N.C. Industrial Commission Under Fire to Review Workers’ Comp Enforcement

By Michael Adams | April 4, 2012

Officials in North Carolina said they will review their efforts to ensure that employers are purchasing workers’ compensation coverage after facing criticism they have done little to make sure that employers comply with the law.

North Carolina Industrial Commission Chair Pamela Young said she is prepared to work with the state’s attorney general to examine the commission’s enforcement efforts.

Under state law, employers with more than three employees must purchase workers’ compensation coverage.

“The North Carolina workers’ compensation system faces many challenges, including ensuring that employers are providing the necessary and adequate coverage for their employees,” said Young in a statement.

The commission’s actions came in response to a study conducted by the Raleigh, N.C.-based News and Observer that found tens of thousands of businesses may be operating without coverage.

The North Carolina Rate Bureau reported that insurers in the state are providing coverage to more than140,000 businesses, with another 117 large companies self-insured. The North Carolina Department of Commerce statistics show there are upwards of 170,000 employers with more than four employees in the state.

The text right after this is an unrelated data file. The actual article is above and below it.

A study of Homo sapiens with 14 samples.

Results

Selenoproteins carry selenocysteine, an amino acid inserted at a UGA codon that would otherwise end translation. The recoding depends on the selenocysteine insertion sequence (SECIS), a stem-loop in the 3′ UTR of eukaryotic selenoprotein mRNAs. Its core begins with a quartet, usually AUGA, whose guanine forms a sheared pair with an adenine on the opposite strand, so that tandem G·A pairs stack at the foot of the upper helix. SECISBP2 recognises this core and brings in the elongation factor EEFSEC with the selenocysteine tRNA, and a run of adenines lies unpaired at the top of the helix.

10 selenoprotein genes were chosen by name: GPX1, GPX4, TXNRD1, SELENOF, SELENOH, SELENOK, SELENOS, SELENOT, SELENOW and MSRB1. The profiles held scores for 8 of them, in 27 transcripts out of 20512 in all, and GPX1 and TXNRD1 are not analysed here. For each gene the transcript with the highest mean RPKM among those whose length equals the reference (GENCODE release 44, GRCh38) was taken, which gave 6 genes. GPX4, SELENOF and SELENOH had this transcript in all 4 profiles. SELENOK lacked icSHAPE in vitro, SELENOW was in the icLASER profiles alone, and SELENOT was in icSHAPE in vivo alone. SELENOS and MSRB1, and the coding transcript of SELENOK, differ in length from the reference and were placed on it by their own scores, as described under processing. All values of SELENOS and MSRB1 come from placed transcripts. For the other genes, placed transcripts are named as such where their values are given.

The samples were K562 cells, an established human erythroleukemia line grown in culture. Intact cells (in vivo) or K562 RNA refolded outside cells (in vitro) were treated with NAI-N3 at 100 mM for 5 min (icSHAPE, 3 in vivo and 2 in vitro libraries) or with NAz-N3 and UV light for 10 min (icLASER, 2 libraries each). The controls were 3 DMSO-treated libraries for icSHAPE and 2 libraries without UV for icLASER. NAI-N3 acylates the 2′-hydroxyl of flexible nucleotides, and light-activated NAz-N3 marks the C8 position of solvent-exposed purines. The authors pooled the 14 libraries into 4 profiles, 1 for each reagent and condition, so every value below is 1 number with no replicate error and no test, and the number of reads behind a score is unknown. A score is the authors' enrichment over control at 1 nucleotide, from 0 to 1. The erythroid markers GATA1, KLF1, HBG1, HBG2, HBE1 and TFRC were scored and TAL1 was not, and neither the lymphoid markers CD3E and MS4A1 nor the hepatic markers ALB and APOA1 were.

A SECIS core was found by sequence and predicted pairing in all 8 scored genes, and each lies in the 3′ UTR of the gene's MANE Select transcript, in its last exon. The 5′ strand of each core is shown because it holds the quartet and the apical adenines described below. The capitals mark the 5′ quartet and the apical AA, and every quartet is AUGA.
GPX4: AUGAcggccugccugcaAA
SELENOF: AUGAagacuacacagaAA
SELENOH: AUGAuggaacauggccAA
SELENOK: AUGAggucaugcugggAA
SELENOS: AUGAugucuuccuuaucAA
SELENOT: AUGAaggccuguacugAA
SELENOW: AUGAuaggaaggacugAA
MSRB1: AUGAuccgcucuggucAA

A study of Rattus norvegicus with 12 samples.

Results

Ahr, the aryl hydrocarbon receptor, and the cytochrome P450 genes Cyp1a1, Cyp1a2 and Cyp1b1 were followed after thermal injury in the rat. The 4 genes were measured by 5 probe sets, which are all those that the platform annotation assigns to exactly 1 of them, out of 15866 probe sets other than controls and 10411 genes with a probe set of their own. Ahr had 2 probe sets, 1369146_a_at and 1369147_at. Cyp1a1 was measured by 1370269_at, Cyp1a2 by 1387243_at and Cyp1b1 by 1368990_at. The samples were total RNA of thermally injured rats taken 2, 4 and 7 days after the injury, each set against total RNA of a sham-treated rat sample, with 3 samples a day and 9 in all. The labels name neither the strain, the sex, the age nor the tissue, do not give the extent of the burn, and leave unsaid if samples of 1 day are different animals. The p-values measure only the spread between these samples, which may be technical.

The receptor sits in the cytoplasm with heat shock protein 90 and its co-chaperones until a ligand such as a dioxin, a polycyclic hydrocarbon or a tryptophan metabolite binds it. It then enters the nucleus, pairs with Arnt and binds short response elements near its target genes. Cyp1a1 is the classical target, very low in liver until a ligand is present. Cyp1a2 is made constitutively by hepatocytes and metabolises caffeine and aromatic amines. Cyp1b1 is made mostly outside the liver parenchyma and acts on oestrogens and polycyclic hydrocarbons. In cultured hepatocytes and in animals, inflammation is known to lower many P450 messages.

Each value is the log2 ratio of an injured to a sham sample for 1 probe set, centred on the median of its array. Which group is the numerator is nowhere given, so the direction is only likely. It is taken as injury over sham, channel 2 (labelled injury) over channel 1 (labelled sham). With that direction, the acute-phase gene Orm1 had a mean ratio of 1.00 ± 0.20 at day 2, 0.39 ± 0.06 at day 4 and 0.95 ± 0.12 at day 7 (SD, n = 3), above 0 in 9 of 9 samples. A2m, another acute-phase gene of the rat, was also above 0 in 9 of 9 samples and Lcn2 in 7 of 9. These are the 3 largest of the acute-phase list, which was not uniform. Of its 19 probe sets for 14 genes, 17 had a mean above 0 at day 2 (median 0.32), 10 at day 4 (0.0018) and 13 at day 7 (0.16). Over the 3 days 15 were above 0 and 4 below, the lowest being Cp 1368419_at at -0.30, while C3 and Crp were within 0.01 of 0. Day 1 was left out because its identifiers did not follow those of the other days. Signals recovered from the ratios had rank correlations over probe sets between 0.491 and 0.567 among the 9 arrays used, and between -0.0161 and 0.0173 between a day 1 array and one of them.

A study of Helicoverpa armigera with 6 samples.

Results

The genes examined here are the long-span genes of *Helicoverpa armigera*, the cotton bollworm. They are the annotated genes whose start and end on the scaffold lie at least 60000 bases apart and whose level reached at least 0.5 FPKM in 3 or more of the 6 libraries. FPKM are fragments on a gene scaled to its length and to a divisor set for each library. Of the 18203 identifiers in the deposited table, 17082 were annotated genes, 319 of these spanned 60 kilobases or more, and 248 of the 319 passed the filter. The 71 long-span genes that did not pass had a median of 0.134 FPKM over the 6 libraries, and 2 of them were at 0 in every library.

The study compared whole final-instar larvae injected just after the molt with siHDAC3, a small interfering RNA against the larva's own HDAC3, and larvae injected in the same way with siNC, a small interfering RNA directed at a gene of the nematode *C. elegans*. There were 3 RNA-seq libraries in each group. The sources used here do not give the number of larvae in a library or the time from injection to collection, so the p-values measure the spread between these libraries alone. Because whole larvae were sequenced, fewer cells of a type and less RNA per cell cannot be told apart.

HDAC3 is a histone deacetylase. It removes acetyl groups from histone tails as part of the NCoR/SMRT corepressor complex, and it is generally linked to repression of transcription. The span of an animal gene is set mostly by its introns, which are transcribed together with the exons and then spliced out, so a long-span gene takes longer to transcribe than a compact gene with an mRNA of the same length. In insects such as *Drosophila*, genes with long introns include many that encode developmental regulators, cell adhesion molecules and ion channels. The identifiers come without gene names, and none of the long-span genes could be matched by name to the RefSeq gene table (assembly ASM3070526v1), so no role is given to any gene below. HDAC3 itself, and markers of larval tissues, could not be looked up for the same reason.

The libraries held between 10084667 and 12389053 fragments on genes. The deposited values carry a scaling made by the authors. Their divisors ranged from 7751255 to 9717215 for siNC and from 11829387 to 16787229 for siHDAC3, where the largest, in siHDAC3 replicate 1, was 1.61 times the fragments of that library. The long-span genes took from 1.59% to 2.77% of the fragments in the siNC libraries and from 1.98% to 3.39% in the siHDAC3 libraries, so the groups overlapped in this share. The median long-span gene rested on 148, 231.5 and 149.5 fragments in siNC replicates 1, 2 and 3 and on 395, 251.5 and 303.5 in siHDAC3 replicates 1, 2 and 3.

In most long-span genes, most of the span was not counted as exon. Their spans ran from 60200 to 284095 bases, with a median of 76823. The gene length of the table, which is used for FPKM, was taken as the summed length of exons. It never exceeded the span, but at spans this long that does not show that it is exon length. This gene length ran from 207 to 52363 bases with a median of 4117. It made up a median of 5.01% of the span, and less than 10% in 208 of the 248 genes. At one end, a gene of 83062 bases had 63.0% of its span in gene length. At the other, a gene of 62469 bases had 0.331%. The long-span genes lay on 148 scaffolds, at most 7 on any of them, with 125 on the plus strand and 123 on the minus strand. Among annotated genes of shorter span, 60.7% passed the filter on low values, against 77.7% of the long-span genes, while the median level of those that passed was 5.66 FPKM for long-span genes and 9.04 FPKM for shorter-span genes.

By law, employers are required to inform the Industrial Commission when they purchase, renew or cancel coverage. However, the commission contracts with the rate bureau to collect that information and provided it to the commission.

Commission officials acknowledge using the database to find the insurer responsible for covering a claim, but do not monitor cancellations. As a result, they only find out an employer is without coverage when an injured worker files a claim.

And in those cases, little is done.

The law states that employers found not in compliance with the law can be fined $100 per day and charged fort the cost of any benefits and medical expenses the injured worker should have collected.

The Industrial Commission’s Fraud Unit reported that since January 2011, it has only pursued 225 cases where employers where found not to have proper coverage. The unit reported collecting $30,500 in fines, which equals around $135 per case.

And those cases only reflect the employers the fraud investigators can actually track down. Investigators said that it can be hard to find employers who purposely seek to break the law, especially in the construction industry where subcontractors purchase policies to secure a contract only to turn around and cancel it.

Young offered no specifics about the review.

“We will continue to meet with stakeholders on this very issue, and, as we always have, the commission will review its operations to make certain they are as efficient and effective as possible,” she said.

Some state lawmakers are calling on the Legislature to take action. One potential proposal would give the state’s Department of Insurance the power to investigate workers’ compensation fraud. Insurance Commissioner Wayne Goodwin indicated the department would be willing to do so.

State lawmakers last year enacted a workers’ compensation reform bill that for the first time placed a cap on the amount of weeks an injured worker could receive benefits due to a permanent injury.

The law set a cap of 500 weeks or roughly 10 years on total disability payments and raised the cap on partial disability payments from 300 to 500 weeks. The new law also allows insurers greater access to injured workers’ medical records.